The much-hyped launch of Facebook’s cryptocurrency Libra has met a brick wall of institutional skepticism as politicians and regulators take one look at CEO Mark Zuckerberg’s privacy record and raise a collective eyebrow.
Calibra, the new Facebook subsidiary which will operate Libra, has made no secret of its ambitions to branch out from funds transfer into credit, bill payments and other more sophisticated products. Such consolidation of power in the hands of a company that already has a monopoly on online social interaction for its 2-billion-plus users – and a terrible record of protecting users’ privacy – has understandably worried the skeptics.
“Any further concentration of personal data poses additional risks to the rights and freedoms of individuals,” European Data Protection Supervisor Giovanni Buttarelli told Business Insider. “It would be deeply concerning, for example, for a company with access to massive volumes of personal information, gathered through its social media platforms and communications services, to be able to combine this information with the tracking of online digital purchases.”
Facebook could become a “shadow bank” – a possibility which should “set off alarm bells for regulators,” German MEP Markus Ferber warned. Germany’s antitrust authority already issued a warning to Facebook about its behavior earlier this year, ordering the company to quit merging user data collected through Instagram, WhatsApp, Messenger, and the millions of third-party websites that track users on behalf of Facebook through “like” and “share” buttons with those users’ Facebook profiles. Libra, presumably, will also be subject to that ruling.
“Facebook coin will do for money laundering what Facebook did for fake news – likely lead to an explosion in terrorist financing,” Charlie Delingpole of anti-money-laundering consultancy Comply Advantage told Politico. French finance minister Bruno le Maire shares those concerns and has requested a report from the governors of the G7 central banks on Libra’s risks. It is “out of the question” that Libra become a “sovereign currency,” le Maire told Europe 1. He also worries Libra will allow Facebook to slurp up even more data on users than it already has.
In the US, where an antitrust probe into Facebook and other tech behemoths’ activities is reportedly underway, politicians itching for more control over Big Tech have called for a halt to the rollout altogether.
“With the announcement that it plans to create a cryptocurrency, Facebook is continuing its unchecked expansion and extending its reach into the lives of its users,” House Financial Services Chair Maxine Waters said in a statement, requesting (but, it should be noted, not demanding) that, “given the company’s troubled past,” Facebook “agree to a moratorium on any movement forward on developing a cryptocurrency” until Congress and regulators have discussed the matter.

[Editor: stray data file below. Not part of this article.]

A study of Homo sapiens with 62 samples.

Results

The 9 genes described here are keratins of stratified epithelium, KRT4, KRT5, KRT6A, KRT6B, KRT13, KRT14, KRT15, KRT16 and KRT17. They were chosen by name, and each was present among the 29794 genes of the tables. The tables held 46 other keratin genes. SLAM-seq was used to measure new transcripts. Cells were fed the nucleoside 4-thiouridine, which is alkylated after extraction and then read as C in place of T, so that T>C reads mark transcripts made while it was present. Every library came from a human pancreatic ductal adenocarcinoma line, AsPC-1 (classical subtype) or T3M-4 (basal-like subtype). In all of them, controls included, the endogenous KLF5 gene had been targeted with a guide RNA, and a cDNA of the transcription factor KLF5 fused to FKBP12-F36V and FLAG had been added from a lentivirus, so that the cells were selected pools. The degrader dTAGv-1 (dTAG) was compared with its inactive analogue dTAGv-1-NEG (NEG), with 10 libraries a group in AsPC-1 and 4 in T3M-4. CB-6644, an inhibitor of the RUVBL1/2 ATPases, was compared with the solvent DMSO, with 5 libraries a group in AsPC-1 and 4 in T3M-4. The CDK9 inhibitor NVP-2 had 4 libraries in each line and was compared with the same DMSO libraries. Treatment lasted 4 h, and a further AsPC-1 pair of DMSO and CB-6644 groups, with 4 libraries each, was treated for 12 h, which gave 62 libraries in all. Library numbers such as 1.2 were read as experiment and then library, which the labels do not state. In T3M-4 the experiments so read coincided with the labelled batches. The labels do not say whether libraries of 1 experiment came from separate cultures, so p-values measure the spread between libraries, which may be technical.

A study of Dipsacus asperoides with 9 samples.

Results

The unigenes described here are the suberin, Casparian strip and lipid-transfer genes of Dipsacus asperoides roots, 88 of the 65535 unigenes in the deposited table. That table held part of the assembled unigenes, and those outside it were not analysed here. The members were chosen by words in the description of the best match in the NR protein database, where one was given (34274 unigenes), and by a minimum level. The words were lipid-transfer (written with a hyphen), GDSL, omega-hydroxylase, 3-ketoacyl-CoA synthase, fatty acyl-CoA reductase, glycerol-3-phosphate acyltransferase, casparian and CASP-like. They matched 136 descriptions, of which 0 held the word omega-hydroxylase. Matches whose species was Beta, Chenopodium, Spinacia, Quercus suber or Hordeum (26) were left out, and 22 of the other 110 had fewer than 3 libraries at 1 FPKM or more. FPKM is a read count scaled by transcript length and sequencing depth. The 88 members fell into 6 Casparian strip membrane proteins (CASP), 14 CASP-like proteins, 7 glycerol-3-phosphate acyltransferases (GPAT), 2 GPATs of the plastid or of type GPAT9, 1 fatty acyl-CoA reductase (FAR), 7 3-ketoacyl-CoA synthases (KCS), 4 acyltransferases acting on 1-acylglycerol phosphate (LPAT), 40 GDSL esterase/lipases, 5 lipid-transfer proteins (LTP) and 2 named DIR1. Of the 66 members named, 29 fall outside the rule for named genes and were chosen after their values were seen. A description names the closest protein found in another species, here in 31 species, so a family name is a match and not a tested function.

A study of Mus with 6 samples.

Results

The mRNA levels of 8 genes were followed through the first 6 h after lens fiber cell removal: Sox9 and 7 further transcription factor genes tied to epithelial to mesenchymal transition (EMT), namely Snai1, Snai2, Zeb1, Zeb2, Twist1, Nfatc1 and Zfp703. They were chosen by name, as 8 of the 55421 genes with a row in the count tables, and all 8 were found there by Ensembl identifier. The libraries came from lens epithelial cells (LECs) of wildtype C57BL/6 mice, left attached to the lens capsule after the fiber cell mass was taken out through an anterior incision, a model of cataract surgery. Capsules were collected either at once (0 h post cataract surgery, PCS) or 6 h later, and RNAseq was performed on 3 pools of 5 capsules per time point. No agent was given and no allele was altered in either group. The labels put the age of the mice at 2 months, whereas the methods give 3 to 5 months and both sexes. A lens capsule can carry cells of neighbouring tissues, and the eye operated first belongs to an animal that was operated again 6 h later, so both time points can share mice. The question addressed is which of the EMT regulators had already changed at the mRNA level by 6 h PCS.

“Facebook is already too big and too powerful, and it has used that power to exploit users’ data without protecting their privacy,” Sen. Sherrod Brown, the ranking Democrat on the Senate Banking Committee, said in a statement. “We cannot allow Facebook to run a risky new cryptocurrency out of a Swiss bank account without oversight.” A letter last month from Brown and committee chair Mike Crapo asking Zuckerberg whether he’d cleared Libra with regulators went unanswered, according to Politico.
It’s unclear that a push for answers from lawmakers would bring any fruit, however. The last time Zuckerberg was brought in to testify before Congress, their understanding of the technology was revealed to be tenuous at best. Even the Federal Trade Commission, which is believed to be close to leveling a historic $5 billion fine against the company, would be entering relatively uncharted territory attempting to regulate a Facebook crypto.
While Facebook claims that Libra use data will not be shared with Facebook or used for ad-targeting purposes, the company has broken so many similar promises to its users in the past that it’s difficult to keep track of all of them. Cambridge Analytica, which saw tens of millions of users’ data fed to a political consulting firm without their knowledge or consent; the “trusted partners” program which funneled users’ personal information (also without their knowledge or consent) to over 150 corporations; and a plethora of hacks and leaks – Facebook’s troubles have been legion, and entirely of its own making. The company always apologizes when it is caught with its hand in the personal-data cookie jar, but it reaches right back in when the media’s backs are turned.
And despite Zuckerberg’s recent public “pivot toward privacy,” all indications point toward business as usual with regard to the company’s respect for users’ personal data – and that extends to finances. Last month, Facebook was found to be enabling its “partners” in the telecom industry to use Facebook, Messenger, and Instagram data to calculate users’ creditworthiness, and Facebook’s lawyer recently claimed in court that users could not possibly have had their privacy invaded, “because there is no privacy” on the platform. Not a good look for a company trying to launch a crypto.
There’s also that statement Zuckerberg made years ago that will forever haunt him. When asked how he’d ended up with thousands of people’s email addresses, photos, and screen names, he told a friend, “I don’t know why. They ‘trust me.’ Dumb f***s.”